On Friday morning in Rio, British endurance athlete Jo Pavey will run in the women’s 10,000-meter final. At 42, she’s the first British female track athlete to compete in her fifth Games. Two years ago, she won gold at the European Championships in the 10,000-meter, reportedly making her the oldest female athlete to win gold at a major international event — ten months after she gave birth to her second child, Emily, by cesarean section.
As she discusses in her autobiography, This Mum Runs, Pavey’s training is fit in with the duties of parenting. She paces 100 miles a week, squeezing in her second run of the day after the kids have gone to bed, with her husband (and coach) doing her physiotherapy before bed. “I don’t go to the gym,” she writes. “Instead I do exercises in the lounge, often while multitasking or with children sitting on me.” While Pavey has a host of competitors vying for the podium, the very fact that she’s competing in these Games is indicative of how older athletes are maintaining elite performance; this includes 41-year-old Uzbek gymnast Oksana Chusovitina, and 43-year-old American cyclist Kristin Armstrong — who just won her third consecutive Olympic gold, while also being the oldest woman in her field by seven years. This level of achievement, where Olympic-caliber performance extends into one’s 40s, shows how remarkably malleable the process of human aging is — and how the finest athletes can make physiological progress at stages of life when sedentary people decline.
With endurance sports, the main physiological driver is “maximal oxygen uptake” — how effectively your body can take oxygen from the air and deliver it to your muscles, where it’s converted into energy and pushes you down the track. (When athletes like Lance Armstrong engage in “blood-doping,” they’re artificially increasing their blood’s oxygen-carrying capacity). Mayo Clinic researcher Michael Joyner, who studies the physiology of performance, says that, in untrained people, oxygen-conversion capacity starts to slope off in their 30s.
“Maximal oxygen uptake is related to how much blood your heart can pump, and what happens as you age is your maximum heart rate starts to go down, limiting the amount of blood your heart can pump,” Joyner says. “But in people who continue to train very, very hard, their heart rate doesn’t drop as much and the amount of blood that can be pumped with each heartbeat can go up. And, as a result, they’re able to sustain their maximum cardiac output.” If you work hard enough — as Pavey does, despite her parental duties — then you can train your vascular system to keep supporting your muscles. It’s indicative of how much of a fountain-of-youth effect hard training can have on people; other research indicates that 70-year-old runners have the same walking efficiency as college students, and 80-year-old, lifelong cross-country skiers have the oxygen max of non-trained 40-year-olds. Indeed, Joyner says, if you train hard when you’re young, it can get that oxygen efficiency as high as possible; and if you continue to train as the years go by, you can keep it up there. As well, endurance-oriented type-one muscles — which you use when you’re standing — tend to stick with people as they get older, while explosive, type-two muscles wear down with time. And as sports like running have professionalized, athletes aren’t aging out in their 20s: They can make a living on the track. The average age of Olympians keeps going up, with endurance athletes as the oldest.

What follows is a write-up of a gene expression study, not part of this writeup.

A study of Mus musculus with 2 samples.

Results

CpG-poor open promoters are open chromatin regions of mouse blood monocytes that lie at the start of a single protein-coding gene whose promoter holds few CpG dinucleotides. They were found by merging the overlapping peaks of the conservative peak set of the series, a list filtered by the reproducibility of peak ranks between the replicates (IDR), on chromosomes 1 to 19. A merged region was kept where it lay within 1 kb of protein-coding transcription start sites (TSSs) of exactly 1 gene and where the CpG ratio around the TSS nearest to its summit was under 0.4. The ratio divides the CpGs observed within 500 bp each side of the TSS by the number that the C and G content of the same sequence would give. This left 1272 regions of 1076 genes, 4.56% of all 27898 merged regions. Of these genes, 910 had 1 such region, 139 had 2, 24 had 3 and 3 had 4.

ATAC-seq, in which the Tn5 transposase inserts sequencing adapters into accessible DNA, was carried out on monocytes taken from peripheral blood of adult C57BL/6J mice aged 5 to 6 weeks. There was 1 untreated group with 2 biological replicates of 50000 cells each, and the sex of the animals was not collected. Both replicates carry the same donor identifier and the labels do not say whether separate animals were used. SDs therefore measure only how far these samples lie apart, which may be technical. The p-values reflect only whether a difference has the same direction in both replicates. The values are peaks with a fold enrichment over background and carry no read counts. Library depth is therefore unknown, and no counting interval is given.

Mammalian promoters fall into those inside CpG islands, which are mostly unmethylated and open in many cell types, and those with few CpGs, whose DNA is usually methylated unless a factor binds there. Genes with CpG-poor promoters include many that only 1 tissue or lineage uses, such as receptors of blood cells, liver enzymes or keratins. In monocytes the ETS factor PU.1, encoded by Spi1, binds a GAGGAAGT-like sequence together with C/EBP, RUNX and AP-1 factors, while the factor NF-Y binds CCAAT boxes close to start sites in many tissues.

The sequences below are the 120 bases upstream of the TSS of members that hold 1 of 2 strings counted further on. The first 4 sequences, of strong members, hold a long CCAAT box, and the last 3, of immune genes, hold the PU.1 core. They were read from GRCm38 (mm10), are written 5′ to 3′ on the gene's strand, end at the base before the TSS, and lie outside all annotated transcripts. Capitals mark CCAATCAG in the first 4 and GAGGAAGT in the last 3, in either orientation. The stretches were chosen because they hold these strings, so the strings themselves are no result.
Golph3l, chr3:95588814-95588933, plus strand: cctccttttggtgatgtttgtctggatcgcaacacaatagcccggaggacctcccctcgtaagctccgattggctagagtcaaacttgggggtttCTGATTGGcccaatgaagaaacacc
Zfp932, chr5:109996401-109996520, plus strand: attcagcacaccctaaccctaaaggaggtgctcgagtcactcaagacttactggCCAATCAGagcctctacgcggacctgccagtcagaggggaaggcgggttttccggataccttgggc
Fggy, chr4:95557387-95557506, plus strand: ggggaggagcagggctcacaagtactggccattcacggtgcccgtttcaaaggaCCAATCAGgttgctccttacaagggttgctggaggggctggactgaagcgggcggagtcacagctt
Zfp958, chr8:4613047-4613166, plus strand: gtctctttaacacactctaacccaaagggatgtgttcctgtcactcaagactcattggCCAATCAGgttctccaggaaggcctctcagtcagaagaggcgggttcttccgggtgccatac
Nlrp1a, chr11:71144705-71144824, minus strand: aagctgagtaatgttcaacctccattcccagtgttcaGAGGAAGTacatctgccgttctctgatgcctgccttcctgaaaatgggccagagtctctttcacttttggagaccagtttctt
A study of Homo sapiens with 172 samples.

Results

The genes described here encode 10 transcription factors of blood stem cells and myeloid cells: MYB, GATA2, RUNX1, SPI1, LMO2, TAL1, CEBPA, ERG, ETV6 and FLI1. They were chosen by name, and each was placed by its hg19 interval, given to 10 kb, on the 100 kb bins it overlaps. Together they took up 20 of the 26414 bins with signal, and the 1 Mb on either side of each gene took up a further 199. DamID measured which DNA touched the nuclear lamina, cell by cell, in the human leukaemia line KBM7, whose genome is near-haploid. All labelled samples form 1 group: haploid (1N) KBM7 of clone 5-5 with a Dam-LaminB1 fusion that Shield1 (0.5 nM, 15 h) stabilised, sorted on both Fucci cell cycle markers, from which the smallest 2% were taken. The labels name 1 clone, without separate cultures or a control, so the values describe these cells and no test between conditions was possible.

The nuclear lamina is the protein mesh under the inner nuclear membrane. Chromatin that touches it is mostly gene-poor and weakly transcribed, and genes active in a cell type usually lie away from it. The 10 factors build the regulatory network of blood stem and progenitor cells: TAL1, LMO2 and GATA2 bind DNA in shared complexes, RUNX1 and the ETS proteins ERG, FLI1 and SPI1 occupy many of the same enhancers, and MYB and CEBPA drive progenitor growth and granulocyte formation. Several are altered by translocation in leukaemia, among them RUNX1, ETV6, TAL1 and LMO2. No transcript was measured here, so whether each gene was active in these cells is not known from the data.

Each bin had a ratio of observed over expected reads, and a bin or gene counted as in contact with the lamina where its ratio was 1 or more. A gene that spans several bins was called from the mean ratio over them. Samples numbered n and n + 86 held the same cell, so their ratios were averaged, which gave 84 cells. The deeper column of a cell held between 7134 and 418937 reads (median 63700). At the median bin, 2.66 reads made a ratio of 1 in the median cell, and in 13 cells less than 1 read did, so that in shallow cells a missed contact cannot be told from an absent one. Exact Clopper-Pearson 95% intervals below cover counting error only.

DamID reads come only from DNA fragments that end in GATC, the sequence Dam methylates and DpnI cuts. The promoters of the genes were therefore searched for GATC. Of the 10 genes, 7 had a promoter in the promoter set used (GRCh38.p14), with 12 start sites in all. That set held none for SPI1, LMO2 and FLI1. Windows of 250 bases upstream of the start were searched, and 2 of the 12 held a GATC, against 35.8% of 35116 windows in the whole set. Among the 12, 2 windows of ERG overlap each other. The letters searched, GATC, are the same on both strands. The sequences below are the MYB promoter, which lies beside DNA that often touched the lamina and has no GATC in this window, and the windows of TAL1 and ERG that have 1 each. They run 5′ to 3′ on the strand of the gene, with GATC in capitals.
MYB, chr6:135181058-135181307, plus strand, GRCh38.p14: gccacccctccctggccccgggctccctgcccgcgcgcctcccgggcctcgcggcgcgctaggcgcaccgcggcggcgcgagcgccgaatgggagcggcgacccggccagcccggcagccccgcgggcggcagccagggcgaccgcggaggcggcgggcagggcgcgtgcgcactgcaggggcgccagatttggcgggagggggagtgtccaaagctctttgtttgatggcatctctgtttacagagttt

University of Exeter physiologist Andrew Jones, who’s supported Pavey on training trips abroad and done treadmill physiology tests with her, says that her longevity is in large part owed to her resilience; indeed, the injuries that have come up may have been inadvertently beneficial. “While no injury is ever good news, and Jo has had a few, perhaps missing several months of training on occasion has helped her body to recover from arduous training and helped keep her mentally and physically fresh when training resumes,” he wrote to Science of Us in an email. Having kids, he says, may have its benefits for performance: She’s had to focus her time effectively, and rather than stressing over preparation, she gets the training in when she can.
“When I was younger, I would get daunted by track sessions and spend the whole day thinking about hitting targets,” Pavey said in a recent interview. “Psychologically, it has been a massive boost that I have that balance and I don’t feel too tense or stressed.”
You also can’t discount how much of an asset those years of experience are for a runner. Humboldt State University kinesiologist Justus Ortega says that a part of the story might be “proprioception,” or the awareness you have of how your body is moving. “In older runners we look at, they are not only maintaining the cellular efficiency, but their bodies are able to process proprioceptive information so they’re not turning on the wrong muscles as much,” he says. “They’re maintaining an efficient activation of their muscles. They’re going to exhibit similar muscle activation as a young adult [would]. But with a sedentary person, you wouldn’t see the same efficiency.” And when people have practiced an activity longer, the stronger awareness they have, and the better they can use proprioceptive information in executing their skills, he says — whether it’s Michael Jordan, at age 35, shooting a championship-winning jump shot, or Pavey dialing in her running mechanics for the Olympics. Contrary to what your birthday tells you, aging isn’t absolute: Depending on what you do with your body, you can adjust it. Pavey is a prime example.